Dave Johnson, Stacey Lee, Skottie Young
Feb 18th, 2015
Cindy Moon exploded out of her bunker and into the Marvel Universe when we first learned that she had been bitten by that same radioactive spider in the first arc of Amazing Spider-Man. She then went on to save Peter Parker's life (more than once!) and traverse the Spider-verse alongside Spider-Woman. Now, as Silk, Cindy is on her own in New York City, searching for her past, defining her own future, and webbing up wrong-doers along the way!
Let’s get this part out of the way, the art in Silk #1 is simply gorgeous. It’s both playful and commanding at the same time, giving you a good feel for how the story and series is going to go: fun with a side dish of serious. Typical old school Spider-Man.
So, that said, the heart of the issue isn’t action based, unlike her introduction to the Marvel universe (See Spider-Verse, specifically Amazing Spider-Man 4). We get a little more back story on Cindy Moon (a.k.a. Silk) and a little glimpse into her head with her voice over being the main narrative of the story.
The driving force for Cindy in the first half of the issue is trying to find her place in the world after so many years in isolation. She gets a job at the Daily Bugle, a roommate, and tries to make her way into the hero business. Her first foray as a solo hero doesn’t go well and requires a bit of a rescue from Spidey himself – a fact she isn’t overly happy with.
The tone shifts slightly in the second half to Cindy putting herself back into isolation, this time self-imposed, and we get to see what her ultimate focus really is – finding her family.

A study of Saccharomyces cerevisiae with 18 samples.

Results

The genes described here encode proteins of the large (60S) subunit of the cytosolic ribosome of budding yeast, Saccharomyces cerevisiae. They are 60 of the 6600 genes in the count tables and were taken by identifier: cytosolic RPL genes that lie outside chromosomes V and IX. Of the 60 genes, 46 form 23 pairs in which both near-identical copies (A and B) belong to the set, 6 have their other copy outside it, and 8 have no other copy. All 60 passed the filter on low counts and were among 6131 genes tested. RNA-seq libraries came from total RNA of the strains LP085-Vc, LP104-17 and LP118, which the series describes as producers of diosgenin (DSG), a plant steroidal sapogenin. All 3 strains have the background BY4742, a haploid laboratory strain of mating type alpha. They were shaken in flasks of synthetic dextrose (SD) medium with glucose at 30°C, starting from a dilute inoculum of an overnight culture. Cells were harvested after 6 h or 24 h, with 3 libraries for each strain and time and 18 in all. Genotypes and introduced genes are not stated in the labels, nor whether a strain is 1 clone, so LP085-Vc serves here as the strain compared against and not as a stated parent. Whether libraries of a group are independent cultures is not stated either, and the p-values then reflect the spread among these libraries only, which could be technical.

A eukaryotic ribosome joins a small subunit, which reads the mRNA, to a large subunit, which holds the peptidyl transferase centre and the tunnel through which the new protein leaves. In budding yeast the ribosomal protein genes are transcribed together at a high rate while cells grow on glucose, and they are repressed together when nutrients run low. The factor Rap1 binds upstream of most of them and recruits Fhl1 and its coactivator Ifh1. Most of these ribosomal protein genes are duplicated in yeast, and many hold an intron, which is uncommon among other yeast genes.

Though some have tagged the issue and story as derivative, I disagree. Yes there are a few moments where the initial reaction is “I’ve seen this before” and even the final panel isn’t much of a surprise these days, but it also reminds me of what attracted me to the Spider-Man comics so many years ago: a hero with powers dealing with normal people problems. As cool as Batman and Iron Man are, the fact they rarely have to worry about their supply of baterangs or mini missiles, they could always buy or make more. Spider-Man also had moments where he was human and vulnerable because he didn’t have the money to make more web fluid or had to take normal photo gigs to pay rent, and in the beginning you saw him use his non-super power to augment his new powers (webshooters and trackers).
Silk doesn’t have those issues since she creates her own web (and different types) and her ‘silk-sense’ is more sensitive and attuned, but she does have real people problems. That very much reminds me of the old Spider-Man.
And while it probably makes me a little biased, it also makes me love this issue and (so far) this series that much more.